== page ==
In a connected economy, business models don’t stay current for long. It holds true for firms and industry institutions. Yet there is often a deeply held mindset that industry institutions are somehow immune to the constant and disruptive changes that are shaping and re-shaping modern businesses.
People ask ‘why do we need to fix what’s not broken’, which in some cases is like saying the fax machine is still working just fine.
The size of the challenge is revealed when business leaders try to modernise their industry institutions. They quickly find that demands escalate for more evidence of the value and benefit of alternative new business model/s.
Such a response emphasises that a lot of people within and outside an industry have a big stake in the institutional status quo. They are instinctively reluctant to let it go.
Regardless, it all seems so reasonable: people are asking how can we support a new business model without evidence of the benefits? Give us more details so that we can decide, they say. But decide compared with what?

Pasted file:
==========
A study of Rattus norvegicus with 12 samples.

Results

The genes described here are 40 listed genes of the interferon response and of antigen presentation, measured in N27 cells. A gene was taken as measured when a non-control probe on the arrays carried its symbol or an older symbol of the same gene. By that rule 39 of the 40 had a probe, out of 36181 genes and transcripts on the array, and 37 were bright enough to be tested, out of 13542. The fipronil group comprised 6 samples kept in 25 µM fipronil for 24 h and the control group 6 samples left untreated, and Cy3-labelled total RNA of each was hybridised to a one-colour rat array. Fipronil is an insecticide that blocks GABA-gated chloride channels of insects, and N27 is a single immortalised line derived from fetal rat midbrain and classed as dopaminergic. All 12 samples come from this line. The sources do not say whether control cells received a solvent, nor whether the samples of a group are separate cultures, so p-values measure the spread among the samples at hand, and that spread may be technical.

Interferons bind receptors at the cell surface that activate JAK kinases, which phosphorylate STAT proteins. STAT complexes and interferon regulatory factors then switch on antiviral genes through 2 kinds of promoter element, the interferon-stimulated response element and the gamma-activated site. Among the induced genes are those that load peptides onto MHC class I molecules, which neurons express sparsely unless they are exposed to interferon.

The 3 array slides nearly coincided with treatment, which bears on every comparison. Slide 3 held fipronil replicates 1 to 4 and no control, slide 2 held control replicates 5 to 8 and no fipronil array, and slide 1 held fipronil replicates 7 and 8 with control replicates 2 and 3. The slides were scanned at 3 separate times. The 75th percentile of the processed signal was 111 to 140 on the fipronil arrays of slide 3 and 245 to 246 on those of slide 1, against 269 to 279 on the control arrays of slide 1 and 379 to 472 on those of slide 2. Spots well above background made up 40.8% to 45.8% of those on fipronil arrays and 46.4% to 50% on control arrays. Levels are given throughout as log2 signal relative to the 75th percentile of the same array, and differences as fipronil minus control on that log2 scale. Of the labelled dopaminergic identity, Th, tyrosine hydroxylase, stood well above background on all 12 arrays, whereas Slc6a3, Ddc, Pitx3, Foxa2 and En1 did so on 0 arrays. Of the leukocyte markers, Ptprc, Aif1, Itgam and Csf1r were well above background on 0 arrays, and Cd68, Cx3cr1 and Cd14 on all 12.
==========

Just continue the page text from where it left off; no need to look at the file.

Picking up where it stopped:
Shining a light inward on out-dated industry institutions, quantifying the costs and sharing that knowledge with businesses across the industry could be game changing. It helps to create urgency for action and puts options into perspective.
The implication is that a good decision on choices for innovation is informed with knowledge of the current and projected costs of not changing and the expected benefits/costs of alternative new models. Not one or the other.
My experience is that when leaders know and share the true costs of outdated institutional arrangements, any talk about incremental change to the current circumstances becomes muted. Then, the real work to innovate and create more value for industry businesses can begin.